At their September 10 meeting, the selectmen omitted a key step that would have completely cleared the way for new re-use proposals for the Old Library and the Josiah Smith Tavern (OL/JST). That step would have been to terminate the status of “preferred developer” of those landmark properties that they had granted Urbanica, Inc., in a Letter of Intent signed last December. Until that step is taken, no one else is likely to regard seriously the selectmen’s interest in receiving new proposals.
Why is that the case? Urbanica’s exclusive arrangement as “preferred developer” is inextricably bound to its OL/JST proposal. Under that proposal, Urbanica would, among other things, take possession of the buildings for $22,000, receive up to $4.1 million in Community Preservation Act funds for qualifying historic preservation work and ultimately reap a net profit of $500,000 or more from converting the Old Library’s interior into privately owned luxury condos. Buried in the details of the proposal is a provision where Urbanica’s principal and his wife would retain, through an entity called Weston 358 LLC, a residual ownership interest in any portion of the two properties that winds up offered for rent rather than for sale.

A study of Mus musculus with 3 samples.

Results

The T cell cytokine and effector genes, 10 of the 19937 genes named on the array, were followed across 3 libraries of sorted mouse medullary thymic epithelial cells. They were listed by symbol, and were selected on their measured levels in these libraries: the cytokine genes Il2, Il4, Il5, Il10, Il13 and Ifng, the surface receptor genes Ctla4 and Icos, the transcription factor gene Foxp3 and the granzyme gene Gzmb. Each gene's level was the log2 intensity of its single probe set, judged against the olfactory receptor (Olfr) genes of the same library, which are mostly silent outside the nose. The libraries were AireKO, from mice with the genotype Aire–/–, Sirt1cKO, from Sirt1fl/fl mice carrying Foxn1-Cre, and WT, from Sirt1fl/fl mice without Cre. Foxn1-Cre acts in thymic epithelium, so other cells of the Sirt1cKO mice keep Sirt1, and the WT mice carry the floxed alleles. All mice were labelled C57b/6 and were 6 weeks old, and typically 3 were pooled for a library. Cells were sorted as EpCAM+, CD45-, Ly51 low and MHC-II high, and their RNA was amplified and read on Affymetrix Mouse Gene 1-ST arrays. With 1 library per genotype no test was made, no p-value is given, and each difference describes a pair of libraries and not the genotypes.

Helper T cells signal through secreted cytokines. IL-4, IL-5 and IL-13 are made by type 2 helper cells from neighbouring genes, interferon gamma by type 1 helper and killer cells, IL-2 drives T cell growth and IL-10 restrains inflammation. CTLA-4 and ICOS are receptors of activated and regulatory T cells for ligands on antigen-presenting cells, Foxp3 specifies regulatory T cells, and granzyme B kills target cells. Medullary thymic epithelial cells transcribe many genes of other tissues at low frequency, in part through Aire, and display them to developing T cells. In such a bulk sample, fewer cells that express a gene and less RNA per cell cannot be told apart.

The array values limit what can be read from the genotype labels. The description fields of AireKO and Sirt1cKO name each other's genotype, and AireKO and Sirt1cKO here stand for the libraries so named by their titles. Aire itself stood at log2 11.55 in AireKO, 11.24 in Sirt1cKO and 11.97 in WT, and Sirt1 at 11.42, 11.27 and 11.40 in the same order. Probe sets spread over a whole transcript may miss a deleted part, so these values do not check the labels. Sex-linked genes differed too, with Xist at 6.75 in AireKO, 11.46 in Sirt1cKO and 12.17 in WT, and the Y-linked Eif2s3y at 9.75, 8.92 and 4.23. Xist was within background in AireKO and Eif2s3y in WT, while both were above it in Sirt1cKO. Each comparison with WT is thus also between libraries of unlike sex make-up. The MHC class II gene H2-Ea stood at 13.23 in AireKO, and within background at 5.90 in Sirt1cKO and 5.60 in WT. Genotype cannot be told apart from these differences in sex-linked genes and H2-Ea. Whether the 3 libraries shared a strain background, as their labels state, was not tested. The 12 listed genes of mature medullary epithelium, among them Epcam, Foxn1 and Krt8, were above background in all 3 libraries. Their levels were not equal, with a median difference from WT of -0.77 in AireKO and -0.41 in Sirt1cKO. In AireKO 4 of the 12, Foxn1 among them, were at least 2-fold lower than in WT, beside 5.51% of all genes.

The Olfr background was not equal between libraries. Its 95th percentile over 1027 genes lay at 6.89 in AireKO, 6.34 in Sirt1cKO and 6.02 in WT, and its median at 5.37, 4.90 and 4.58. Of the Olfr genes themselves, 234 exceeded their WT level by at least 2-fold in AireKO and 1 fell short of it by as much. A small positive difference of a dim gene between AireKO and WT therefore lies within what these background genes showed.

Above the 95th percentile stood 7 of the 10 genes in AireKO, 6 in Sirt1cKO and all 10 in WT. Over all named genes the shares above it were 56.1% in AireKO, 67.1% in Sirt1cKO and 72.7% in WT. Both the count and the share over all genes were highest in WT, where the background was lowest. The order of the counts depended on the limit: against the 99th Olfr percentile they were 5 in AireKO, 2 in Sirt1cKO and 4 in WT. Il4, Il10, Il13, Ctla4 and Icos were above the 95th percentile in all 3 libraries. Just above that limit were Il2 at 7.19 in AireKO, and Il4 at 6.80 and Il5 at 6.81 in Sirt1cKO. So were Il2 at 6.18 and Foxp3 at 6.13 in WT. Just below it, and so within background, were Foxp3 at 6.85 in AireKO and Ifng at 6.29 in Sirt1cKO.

Urbanica has no incentive now to give up the chance that its proposal will prevail before the Letter of Intent expires this coming December 11. As the counterparty to this letter, Selectman Ed Coburn has made it clear that his board is obliged to honor this expiration date. Yet it is also obvious that the selectmen are getting ready to hit the reset button. Why else would they have voted on September 10 to accept the Cecil Group’s offer to assist in the solicitation and negotiation of new proposals? The selectmen would still be honoring this obligation to Urbanica, if they declared definitively at their next meeting on September 24 that they do not intend to extend the term of its Letter of Intent beyond December 11.
If the selectmen make this clarifying declaration, the prospect of a two-thirds vote approving the prerequisite “historic structures preservation development” zoning by-law amendment at the December 2 town meeting would be enhanced. In the meantime, other individuals or groups could start sooner on the considerable work needed to prepare a proposal. Urbanica would still be able to resubmit its proposal on an equal basis with other competitive proposals.
And Weston voters might also then have in due course a genuine choice about what is the highest and best use of the Old Library and the Josiah Smith Tavern.